Megan “Turtle” Southern, NJP Coordinator
Turtle has been employed by the Northern Jaguar Project since 2007, providing administrative, fundraising, and programmatic support. Having received a B.A. in Biology from Wittenberg University, Turtle held positions within the national office of the Student Environmental Action Coalition and in People for the Ethical Treatment of Animals’ research and investigations department. Since moving to Arizona, she has worked as membership coordinator for the Center for Biological Diversity and as co-editor of the Earth First! Journal. Outside of this, Turtle traveled across the U.S. on a tandem bicycle with her dog, Ellen, to raise money for charity, and, she documented the harp seal hunt in the Gulf of St. Lawrence with the Sea Shepherd Conservation Society.
Randy Young Villegas, Reserve Manager
Randy has held a strong connection with the outdoor and ranching communities since his youth in New Mexico, Cuidad Juarez, and Parral, Chihuahua. He has performed construction work since he was old enough to hold a hammer and is proficient in all aspects of building to maintain the reserve’s infrastructure. Randy is a certified auto mechanic and has Wilderness Advanced First Aid certification. He is experienced in water harvesting and small-scale watershed restoration. As a talented sculptor and artist, Randy is both welder and blacksmith, and works in cast bronze, stone, wood, and ceramics. As a professional outdoor guide, he has led groups in Arizona and Sonora for more than a decade, sharing his vast appreciation for nature. He became the Northern Jaguar Reserve manager in 2015.
Braulio Duarte, Vaquero
Braulio is the eldest of Laco’s sons and has inherited his father’s work ethic along with a lot of his knowledge. Braulio is a vaquero since birth and a skilled albañil (handyman). He possesses an inner drive to not only work hard but to also do good work. Whether building with adobe, wood, or stone, or collecting rocks to make gabions, Braulio keeps a good attitude and a sharp eye on the task at hand. As a fulltime vaquero on the Northern Jaguar Reserve since 2015, he is learning about motion-triggered camera placement and maintenance to help our jaguar guardians when needed. Like his father, Braulio spends time working with leather, making belts and scabbards and repairing saddles.
Laco Duarte, Vaquero
Laco, who works in tandem with his sons, has many duties that are somewhat unique for a Sonoran cowboy. He patrols the Northern Jaguar Reserve to keep trespassers out, keeps perimeter fences in good condition to prevent wandering cattle from entering the reserve, maintains the reserve’s structures, and carries out projects as directed by the reserve manager. Laco is originally from Arivechi yet has been in the Sahuaripa area for many years. Having worked as the lead cowboy for the reserve’s previous owner since 1980, Laco knows this terrain better than anyone and is one of the few people who have seen a jaguar on the reserve. He is also a local artisan and makes traditional leather lassos.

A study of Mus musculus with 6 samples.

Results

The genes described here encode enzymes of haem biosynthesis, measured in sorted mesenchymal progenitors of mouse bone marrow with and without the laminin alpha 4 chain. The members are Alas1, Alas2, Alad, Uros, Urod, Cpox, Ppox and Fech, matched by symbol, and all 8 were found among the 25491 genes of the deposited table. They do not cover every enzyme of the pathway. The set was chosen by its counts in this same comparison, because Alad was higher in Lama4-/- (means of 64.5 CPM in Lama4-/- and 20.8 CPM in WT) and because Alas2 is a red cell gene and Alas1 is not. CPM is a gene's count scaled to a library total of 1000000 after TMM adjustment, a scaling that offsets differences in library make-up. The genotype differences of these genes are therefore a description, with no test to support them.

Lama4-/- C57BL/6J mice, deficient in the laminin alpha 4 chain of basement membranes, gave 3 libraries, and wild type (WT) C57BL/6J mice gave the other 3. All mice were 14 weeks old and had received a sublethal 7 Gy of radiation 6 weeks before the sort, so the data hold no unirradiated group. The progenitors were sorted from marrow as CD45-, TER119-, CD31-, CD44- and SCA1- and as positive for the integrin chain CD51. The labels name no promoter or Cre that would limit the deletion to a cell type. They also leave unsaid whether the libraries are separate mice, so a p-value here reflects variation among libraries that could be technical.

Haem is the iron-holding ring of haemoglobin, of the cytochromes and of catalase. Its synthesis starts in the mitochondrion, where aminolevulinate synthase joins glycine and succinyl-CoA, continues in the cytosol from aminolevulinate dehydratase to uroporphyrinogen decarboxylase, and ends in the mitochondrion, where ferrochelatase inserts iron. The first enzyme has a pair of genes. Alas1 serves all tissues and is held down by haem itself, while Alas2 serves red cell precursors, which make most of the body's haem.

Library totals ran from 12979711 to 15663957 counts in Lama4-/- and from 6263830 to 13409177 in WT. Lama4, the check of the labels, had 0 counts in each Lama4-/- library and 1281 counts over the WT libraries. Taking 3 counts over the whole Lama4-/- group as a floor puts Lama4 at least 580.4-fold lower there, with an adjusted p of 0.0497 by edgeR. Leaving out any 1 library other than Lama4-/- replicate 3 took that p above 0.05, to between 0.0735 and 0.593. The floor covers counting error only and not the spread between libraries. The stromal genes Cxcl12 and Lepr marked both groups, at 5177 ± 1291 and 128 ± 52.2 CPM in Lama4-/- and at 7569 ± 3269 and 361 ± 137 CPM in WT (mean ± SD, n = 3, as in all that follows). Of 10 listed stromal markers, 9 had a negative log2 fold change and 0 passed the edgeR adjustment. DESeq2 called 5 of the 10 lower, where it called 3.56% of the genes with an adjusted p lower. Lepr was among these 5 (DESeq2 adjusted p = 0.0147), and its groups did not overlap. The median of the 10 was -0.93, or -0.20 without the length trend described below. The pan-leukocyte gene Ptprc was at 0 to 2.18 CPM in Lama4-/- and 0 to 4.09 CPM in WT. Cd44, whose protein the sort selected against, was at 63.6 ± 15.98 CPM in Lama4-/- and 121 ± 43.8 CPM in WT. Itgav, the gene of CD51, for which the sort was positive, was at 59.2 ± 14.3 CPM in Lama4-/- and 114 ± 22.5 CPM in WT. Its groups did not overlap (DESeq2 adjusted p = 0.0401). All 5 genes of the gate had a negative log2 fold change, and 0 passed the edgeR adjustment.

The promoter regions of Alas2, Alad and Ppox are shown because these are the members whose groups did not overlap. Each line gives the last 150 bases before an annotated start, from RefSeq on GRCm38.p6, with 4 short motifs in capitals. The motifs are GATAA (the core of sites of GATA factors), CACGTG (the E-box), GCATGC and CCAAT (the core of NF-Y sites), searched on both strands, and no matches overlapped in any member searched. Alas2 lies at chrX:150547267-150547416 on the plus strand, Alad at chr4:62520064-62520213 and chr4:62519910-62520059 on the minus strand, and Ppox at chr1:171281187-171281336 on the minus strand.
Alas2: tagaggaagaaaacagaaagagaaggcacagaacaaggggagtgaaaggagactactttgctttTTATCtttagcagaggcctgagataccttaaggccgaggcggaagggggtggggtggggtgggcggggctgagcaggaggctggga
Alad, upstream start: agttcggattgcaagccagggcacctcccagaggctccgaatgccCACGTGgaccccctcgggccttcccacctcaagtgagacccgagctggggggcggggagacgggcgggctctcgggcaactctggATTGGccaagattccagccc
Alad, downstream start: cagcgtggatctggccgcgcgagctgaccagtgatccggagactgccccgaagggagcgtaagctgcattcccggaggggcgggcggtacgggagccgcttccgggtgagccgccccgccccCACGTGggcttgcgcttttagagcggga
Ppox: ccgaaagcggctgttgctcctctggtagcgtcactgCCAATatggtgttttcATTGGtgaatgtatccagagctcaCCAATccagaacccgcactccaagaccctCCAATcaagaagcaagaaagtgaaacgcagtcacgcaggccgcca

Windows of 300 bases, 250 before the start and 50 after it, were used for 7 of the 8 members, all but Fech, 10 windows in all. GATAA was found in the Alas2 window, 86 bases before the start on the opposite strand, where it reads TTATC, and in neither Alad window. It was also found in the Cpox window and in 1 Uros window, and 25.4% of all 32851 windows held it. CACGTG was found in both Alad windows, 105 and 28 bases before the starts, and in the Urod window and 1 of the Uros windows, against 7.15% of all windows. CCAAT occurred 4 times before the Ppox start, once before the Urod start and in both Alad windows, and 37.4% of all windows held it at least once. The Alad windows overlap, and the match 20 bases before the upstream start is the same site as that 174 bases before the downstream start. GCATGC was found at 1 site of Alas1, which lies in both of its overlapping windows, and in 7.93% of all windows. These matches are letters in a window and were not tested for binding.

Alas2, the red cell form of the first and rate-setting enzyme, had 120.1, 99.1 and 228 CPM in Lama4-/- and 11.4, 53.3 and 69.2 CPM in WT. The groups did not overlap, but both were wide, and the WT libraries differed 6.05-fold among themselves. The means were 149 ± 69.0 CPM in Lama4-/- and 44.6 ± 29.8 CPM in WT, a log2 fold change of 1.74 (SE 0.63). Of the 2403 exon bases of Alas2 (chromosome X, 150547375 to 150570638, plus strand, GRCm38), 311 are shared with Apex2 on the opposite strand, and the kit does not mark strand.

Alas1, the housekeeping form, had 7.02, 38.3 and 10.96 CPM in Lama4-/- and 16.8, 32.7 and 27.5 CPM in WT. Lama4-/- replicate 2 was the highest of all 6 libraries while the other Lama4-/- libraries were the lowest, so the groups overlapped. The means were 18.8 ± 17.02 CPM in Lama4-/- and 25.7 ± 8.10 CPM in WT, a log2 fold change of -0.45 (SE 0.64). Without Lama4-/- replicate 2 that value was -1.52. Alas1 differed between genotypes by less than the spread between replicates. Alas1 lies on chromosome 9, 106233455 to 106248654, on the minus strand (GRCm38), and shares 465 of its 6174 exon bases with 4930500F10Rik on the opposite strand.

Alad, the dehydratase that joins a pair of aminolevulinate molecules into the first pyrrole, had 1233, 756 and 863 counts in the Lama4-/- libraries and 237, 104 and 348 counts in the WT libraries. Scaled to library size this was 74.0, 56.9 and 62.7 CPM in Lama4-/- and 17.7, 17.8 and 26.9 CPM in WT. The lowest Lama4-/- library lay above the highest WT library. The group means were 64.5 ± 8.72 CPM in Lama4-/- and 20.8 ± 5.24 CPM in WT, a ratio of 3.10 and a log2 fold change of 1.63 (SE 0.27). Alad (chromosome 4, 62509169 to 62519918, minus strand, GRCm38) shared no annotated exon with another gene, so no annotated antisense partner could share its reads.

Laqui Duarte, Field Assistant and Vaquero
Laqui is one of the resident vaqueros on the Northern Jaguar Reserve along with his father Laco and brother Braulio. Laqui has assisted visiting researchers in a variety of disciplines since 2010, with a particular interest in learning from ornithologists conducting seasonal surveys and molt-migration research. Laqui is fully trained in camera placement and maintenance, and he regularly assists our jaguar guardians with checking motion-triggered cameras. He also has had training in habitat restoration techniques and helps to coordinate gabion construction and other restoration projects on the reserve and neighboring Viviendo con Felinos ranches.
Miguel Gómez Ramírez, Reserve Biologist
Miguel has participated in a diversity of projects involving wildlife conservation in several states of Mexico, including Querétaro, Sinaloa, Chihuahua, and Sonora. He enjoys nature photography and loves spending time in the field. Miguel collaborated with Naturalia in training the Yaqui indigenous community in the use of camera traps, a method through which they proved the presence of jaguars in the Sierra Bacatete region. He also worked with Naturaleza y Cultura Sierra Madre to design a camera monitoring strategy to study jaguars near Alamos, Sonora. Miguel began working as a jaguar guardian on the Northern Jaguar Reserve in 2008, and in 2015, completed his master’s degree from the University of Querétaro focused on ocelot densities on the reserve and Viviendo con Felinos ranches.
Carmina Gutiérrez González, Reserve Biologist
Carmina started working with mammals in 2004 when she first collaborated on a field study on the eating habits of coyotes and bobcats. She previously worked with fungi, bacteria, and soil-plant relationships. Carmina received her master’s degree in 2008 at the Instituto de Ecología, studying mammalian carnivore communities and camera trapping in arid ecosystems. She particularly likes to work with GIS, landscape ecology, and population dynamics related to carnivore species, and has led camera training for the Yaqui community in the Sierra Bacatete. Carmina was hired as a jaguar guardian on the Northern Jaguar Reserve in 2008. She has participated in jaguar and carnivore projects in the Mexican states of Querétaro, Sonora, Sinaloa, and Jalisco and collaborated on a jaguar study in Belize. In 2016, Carmina will receive her PhD from the University of Querétaro based on her jaguar research on the reserve and Viviendo con Felinos ranches.